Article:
How American Apparel Has Become Fashion's Most Provocative Brand

The label’s progressive labour standards and high voltage ads made it notorious – from dorm room project to generation-defining brand, we trace its past and ask: what’s next?

American Apparel was not necessarily destined for greatness when its founder – then just a high-schooler – had an idea: he would sell t-shirts. With few funds and virtually no practical experience, he started a tiny business, importing classic American t-shirts to Montreal Music Lifestyle in an operation largely run from his Connecticut boarding school dorm room. Ten years later, that after-school project had earned the title of America’s largest t-shirt manufacturer and the reputation of being one of the most controversial brands in the world. How did that happen? To answer that, you have to familiarise yourself with Dov Charney, the brand’s founder and its biggest liability.

In the early 1990s American Apparel was just a small start-up established by the Canadian Charney, who had enrolled at Tufts University near Boston only to drop out before graduation to pursue the endeavour full-time with money borrowed from his parents. After ultimately settling in Los Angeles in 1997, Charney began to make waves, challenging the labour standards of the local garment industry by paying higher wages (two times higher than the standard wage at times) and providing benefits for his workers, and touting his company’s mission of removing exploitation from the garment manufacturing process.

After experiencing early success with American Apparel’s wholesale model, Charney decided to expand into direct consumer retail, and the company went into aggressive expansion mode. American Apparel opened its first store in the trendy Echo Park neighbourhood of Los Angeles in 2003. Two more stores – one in Montreal, the other in New York – followed that same year. Under the direction of Charney, it expanded to Europe in 2004, and in 2005, the brand opened 65 more stores. Today, they boast over 260 locations worldwide in 19 countries, including ones in Ireland, Belgium, France, Germany, Italy, Spain, Sweden, Switzerland, Israel, China, South Korea, Japan, Australia, Mexico and Brazil, among others. The press has since noted the “dangerous trap of (American Apparel’s) retail expansion,” or what others have called “rapid over-expansion.” In 2010, Charney said this was necessary to boost awareness of the brand. However, he also admitted: “Maybe there were a dozen stores we shouldn’t have opened.”



Since its earliest days, American Apparel relied on bold advertising as a tool to raise its profile, and as a result, its ads have played a significant role in shaping its identity. Look back to 2000, for instance, when the company was still operating primarily as a wholesaler. It was making its name selling ethically-manufactured blank t-shirts, and “related garments, such as panties,” as it noted in an early marketing flyer, which included photos of scantily-clad girls – and Charney, himself, who would become a semi-regular fixture in imagery. That was just the beginning. In the years to come, we would see girls wearing nothing but tube socks, sheer bodysuits or underwear. Campaigns that featured girls wearing next-to-nothing were the new norm – for American Apparel, at least, and once merely suggestive ads eventually became much more blatant and attention grabbing. Instead of showing a scantily-clad girl, American Apparel managed to out do itself by posting online banner ads with fully topless models beginning in 2005.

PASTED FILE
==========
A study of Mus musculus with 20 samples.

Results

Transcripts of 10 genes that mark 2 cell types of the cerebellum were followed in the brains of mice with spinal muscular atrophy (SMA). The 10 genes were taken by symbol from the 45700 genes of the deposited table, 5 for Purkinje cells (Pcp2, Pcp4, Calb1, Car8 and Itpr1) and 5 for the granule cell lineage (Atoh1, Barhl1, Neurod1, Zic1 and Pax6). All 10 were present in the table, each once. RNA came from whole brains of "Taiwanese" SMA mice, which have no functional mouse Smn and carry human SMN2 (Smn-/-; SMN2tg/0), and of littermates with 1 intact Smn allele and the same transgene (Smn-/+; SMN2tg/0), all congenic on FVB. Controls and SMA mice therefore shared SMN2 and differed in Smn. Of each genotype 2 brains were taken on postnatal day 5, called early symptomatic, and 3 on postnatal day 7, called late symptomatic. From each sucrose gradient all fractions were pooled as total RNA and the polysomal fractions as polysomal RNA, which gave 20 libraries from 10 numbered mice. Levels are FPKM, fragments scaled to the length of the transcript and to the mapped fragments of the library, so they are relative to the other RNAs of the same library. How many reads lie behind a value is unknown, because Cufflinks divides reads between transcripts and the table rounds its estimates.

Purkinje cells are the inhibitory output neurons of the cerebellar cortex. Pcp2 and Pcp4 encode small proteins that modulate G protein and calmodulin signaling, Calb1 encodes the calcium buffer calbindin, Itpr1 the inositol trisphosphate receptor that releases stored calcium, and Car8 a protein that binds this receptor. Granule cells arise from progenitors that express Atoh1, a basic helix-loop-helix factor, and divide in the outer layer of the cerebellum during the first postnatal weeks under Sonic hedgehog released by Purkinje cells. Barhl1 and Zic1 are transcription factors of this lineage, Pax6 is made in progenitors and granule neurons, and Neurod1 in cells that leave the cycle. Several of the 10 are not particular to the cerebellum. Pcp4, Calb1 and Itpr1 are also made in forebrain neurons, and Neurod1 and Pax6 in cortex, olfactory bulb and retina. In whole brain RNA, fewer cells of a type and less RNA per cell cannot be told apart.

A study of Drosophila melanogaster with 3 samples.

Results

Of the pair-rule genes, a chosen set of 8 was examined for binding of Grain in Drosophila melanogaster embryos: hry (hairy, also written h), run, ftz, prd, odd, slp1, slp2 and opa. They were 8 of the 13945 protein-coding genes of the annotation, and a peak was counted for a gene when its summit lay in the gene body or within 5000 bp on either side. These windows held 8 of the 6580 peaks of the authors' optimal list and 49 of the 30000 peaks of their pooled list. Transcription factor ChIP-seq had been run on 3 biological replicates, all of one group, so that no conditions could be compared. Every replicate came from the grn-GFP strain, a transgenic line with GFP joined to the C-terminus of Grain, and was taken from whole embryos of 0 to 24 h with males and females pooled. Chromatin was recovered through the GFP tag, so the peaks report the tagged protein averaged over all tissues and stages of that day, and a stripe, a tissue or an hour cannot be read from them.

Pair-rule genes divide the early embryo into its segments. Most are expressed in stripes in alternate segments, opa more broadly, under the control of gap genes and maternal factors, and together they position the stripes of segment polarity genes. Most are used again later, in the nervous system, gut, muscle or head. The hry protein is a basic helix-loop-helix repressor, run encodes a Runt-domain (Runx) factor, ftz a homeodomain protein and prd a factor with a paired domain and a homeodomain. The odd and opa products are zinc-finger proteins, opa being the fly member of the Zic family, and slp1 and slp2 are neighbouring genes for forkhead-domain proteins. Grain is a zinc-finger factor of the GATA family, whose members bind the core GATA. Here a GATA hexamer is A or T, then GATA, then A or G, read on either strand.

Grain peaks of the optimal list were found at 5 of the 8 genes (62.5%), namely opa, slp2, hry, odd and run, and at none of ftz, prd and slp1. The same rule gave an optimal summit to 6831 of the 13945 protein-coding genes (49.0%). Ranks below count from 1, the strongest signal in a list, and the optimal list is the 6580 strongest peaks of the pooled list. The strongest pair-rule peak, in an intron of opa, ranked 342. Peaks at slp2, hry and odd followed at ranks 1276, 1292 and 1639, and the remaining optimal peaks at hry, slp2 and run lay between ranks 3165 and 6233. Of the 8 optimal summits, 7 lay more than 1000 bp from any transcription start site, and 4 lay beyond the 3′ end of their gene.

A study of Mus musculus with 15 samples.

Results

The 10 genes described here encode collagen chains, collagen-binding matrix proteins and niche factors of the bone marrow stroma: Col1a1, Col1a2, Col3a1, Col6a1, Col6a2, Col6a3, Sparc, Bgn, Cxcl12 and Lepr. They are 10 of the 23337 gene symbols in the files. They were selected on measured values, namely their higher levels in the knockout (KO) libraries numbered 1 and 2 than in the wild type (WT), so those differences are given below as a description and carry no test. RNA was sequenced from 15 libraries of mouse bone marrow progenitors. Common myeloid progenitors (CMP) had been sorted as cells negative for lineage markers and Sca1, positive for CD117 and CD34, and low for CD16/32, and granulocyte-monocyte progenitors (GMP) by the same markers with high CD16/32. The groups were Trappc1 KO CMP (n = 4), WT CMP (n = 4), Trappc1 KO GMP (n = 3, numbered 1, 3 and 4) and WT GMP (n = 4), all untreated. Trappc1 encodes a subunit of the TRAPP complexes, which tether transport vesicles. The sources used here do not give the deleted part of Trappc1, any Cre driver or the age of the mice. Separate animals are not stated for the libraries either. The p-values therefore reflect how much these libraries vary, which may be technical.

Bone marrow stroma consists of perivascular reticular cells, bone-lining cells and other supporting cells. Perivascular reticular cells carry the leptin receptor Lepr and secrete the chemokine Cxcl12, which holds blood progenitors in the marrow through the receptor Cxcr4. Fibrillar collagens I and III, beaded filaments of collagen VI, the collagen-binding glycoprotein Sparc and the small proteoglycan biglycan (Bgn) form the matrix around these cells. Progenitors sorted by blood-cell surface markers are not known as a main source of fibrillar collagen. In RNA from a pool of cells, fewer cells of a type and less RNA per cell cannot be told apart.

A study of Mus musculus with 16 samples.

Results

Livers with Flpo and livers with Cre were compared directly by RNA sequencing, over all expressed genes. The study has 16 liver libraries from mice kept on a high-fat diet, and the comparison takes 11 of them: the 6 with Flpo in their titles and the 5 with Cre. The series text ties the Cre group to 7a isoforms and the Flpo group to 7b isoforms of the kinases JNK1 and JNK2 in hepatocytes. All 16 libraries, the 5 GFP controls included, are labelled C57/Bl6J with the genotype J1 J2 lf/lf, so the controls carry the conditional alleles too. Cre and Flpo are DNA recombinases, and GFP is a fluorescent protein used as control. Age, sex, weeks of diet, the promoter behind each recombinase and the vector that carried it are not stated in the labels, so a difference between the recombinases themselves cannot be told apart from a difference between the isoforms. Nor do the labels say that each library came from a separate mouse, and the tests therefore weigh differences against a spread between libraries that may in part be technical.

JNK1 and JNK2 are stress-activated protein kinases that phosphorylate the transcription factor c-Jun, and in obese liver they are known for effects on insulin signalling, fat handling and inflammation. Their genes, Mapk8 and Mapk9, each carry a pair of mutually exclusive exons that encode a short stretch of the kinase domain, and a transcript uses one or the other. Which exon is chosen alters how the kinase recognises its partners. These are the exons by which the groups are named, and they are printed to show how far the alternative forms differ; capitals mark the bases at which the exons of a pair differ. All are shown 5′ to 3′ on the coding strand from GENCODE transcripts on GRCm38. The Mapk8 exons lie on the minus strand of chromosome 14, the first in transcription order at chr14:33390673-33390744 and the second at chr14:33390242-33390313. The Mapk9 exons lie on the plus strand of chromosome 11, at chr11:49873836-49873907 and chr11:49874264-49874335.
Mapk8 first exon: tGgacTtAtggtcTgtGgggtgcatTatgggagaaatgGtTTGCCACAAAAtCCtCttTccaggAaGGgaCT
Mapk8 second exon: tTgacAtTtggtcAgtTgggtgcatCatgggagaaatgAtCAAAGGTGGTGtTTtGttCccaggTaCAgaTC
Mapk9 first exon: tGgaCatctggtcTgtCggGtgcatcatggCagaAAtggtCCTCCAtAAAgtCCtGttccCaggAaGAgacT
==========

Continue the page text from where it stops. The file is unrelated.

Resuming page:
“After settling in Los Angeles in 1997, Charney began to make waves, challenging the labour standards of the local garment industry by paying higher wages (two times higher than the standard wages)

A number of other elements were consistently at play making American Apparel ad campaigns distinctly their own – besides that famous Helvetica logo. They all shared a candid, amateur vibe – evoking the snapshot aesthetic that Lisette Model pioneered and which Terry Richardson and Juergen Teller had a strong hand in bringing to the mainstream. A far cry from the polished, traditionally glamorous ads that big fashion houses were putting out at the time, there was no obviously ‘done’ hair and make-up, professional sets or recognisable faces. Instead, there were a lot of beds, couches, white walls, and provocatively-posed models that looked like the girl next door.

These were not women you would see walking during Paris Fashion Week. Bypassing the system of traditional agency-signed models, American Apparel openly opted for “real girls,” ones that Charney spotted on the street or that worked in the brand’s stores. According to the company’s website, “We find our models all over the world, through online submissions, word of mouth, and in retail stores, where we’ve been known to do an impromptu test shoot or two.” In one ad, Kelley, an American Apparel employee, is pictured posing for an array photos, in one she wears just a thong. According to the ad’s caption, the photos were taken “by a fellow employee at the company apartment in Mexico city… Kelley chose and re-enacted her favourite poses from vintage porn mags.” Another ad, entitled, “Pantytime,” features another American Apparel employee, who is posing topless in bed – wearing nothing but the brand’s underwear, of course.